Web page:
If your toilet won’t flush here are the steps to take to get things flowing again. All of these toilet repairs are simple and can be done by any do-it-yourself homeowner.
Check water supply if toilet won’t flush
The first thing to do if your toilet won’t flush is make sure the water supply is turned on in the house and at the toilet. If you were doing any other repairs the water supply might have been left off by mistake. You can try running a faucet to see if your house supply is still on.
The handle is loose, stuck or damaged
If the tank handle is loose it will simply jiggle around and your toilet won’t flush when you push it. A loose handle can be tightened by using an adjustable wrench to turn the locknut on the inside of the tank counterclockwise.
If the nut cannot be turned you might try applying a lubricating oil and allow it to sit for several minutes before attempting to tighten the nut again. If that does not work you may need to remove the nut by cutting through the handle shaft with a hacksaw. You will then need to replace the handle and trip lever, which is attached. Simply remove the trip lever from the chain and slip it through the toilet tank hole before replacing it with a new handle assembly.
Lift chain or wire is out of place or damaged
If the lift chain in the tank it too short it may be allowing water to seep through the flapper valve. If there is excess chain you can use pliers to open the links and reposition the chain. If the chain is too short you will need to replace it. Using a paper clip or other other wire to lengthen the chain will cause it to corrode.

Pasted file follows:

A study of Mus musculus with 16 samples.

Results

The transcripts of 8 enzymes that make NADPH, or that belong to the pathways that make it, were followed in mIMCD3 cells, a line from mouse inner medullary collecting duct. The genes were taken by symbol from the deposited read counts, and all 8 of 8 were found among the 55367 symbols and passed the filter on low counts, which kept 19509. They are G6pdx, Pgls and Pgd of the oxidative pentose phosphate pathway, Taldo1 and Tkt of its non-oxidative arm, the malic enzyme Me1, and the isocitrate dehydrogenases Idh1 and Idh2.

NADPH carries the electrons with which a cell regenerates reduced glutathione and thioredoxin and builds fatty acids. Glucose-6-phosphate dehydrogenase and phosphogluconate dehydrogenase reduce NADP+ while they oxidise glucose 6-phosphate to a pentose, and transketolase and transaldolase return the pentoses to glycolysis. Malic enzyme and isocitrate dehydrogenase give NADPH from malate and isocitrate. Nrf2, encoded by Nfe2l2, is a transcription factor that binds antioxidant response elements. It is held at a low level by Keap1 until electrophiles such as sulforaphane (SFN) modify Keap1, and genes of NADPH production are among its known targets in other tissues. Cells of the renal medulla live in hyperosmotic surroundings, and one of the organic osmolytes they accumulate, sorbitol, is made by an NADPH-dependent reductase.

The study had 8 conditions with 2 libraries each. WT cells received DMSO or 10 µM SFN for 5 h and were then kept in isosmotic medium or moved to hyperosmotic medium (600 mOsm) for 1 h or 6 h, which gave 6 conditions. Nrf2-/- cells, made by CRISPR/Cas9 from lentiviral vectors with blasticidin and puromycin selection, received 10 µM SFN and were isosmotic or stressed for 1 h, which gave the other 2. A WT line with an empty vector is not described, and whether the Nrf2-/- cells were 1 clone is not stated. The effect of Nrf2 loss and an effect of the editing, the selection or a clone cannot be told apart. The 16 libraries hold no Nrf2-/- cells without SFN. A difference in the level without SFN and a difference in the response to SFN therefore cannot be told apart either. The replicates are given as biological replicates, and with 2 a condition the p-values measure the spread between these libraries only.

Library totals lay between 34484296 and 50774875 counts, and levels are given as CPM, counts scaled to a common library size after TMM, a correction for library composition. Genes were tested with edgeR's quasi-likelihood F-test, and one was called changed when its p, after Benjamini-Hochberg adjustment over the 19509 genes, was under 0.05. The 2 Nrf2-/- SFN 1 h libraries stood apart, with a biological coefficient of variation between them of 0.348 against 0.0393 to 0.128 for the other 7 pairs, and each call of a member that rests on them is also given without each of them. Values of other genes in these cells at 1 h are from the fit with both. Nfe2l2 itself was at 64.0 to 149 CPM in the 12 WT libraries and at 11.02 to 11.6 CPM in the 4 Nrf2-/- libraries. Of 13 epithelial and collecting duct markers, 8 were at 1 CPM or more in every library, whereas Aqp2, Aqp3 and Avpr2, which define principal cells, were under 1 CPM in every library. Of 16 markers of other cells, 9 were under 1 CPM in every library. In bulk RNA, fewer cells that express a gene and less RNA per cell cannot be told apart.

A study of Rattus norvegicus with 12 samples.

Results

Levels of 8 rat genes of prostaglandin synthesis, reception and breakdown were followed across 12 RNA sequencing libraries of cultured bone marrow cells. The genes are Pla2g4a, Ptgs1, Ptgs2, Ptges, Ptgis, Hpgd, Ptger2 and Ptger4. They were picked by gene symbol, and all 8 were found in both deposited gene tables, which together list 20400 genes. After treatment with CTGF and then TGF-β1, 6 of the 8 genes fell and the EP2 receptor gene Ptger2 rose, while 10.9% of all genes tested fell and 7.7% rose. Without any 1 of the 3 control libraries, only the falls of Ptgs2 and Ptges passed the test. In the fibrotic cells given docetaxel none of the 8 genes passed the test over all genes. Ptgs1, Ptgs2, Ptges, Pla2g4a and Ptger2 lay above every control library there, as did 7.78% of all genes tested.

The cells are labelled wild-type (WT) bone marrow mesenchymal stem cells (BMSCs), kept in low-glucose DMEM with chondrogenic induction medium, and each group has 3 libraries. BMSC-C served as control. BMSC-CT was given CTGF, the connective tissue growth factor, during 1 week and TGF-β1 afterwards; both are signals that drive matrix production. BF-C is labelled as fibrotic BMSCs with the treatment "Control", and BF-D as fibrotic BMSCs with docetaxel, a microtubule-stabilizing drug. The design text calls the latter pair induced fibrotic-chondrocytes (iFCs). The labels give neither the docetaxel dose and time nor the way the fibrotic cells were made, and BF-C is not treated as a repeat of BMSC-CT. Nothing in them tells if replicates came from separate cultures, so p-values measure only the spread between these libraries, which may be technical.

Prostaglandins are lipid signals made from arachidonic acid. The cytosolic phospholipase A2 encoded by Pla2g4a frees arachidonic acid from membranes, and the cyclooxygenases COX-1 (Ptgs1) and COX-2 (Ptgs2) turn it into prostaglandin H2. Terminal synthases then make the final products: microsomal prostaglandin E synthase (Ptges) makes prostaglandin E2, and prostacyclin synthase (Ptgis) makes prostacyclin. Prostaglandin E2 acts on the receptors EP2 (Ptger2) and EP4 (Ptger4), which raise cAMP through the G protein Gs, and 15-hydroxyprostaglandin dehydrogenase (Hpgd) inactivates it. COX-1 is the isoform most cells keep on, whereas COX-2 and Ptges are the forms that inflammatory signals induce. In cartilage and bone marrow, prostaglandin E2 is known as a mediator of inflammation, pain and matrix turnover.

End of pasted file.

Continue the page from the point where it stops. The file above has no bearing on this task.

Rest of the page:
If your tank assembly has a lift wire you can loosen the screw attached to the guide arm and move the guide arm up or down to adjust the length.
Ballcock is damaged
The ballcock opens and closes as the float ball falls and rises with the water level in the tank. This action controls the flow of water into the tank. With a plunger-style ball cock the float arm pushes the valve plunger and washer to stop the water flow. With a diaphragm ball cock the plunger pushes against a rubber diaphragm.
Before working on the ballcock turn of the water and flush the toilet to empty the bowl. Remove the screws surrounding the ball cock assembly to gain access to the washers or diaphragm. You may need to slide the float arm out of the way to gain access to the assembly.
Remove the washers or diaphragm from the valve plunger with a small screwdriver. Use vinegar and a small brush to clean sediment from inside the ball cock and washer or diaphragm. Once cleaned reassemble the parts and the ball cock. If any of the pieces appears damaged or if the water continues to run, replace the ball cock.
A damaged ballcock can also be the problem when the toilet runs non-stop.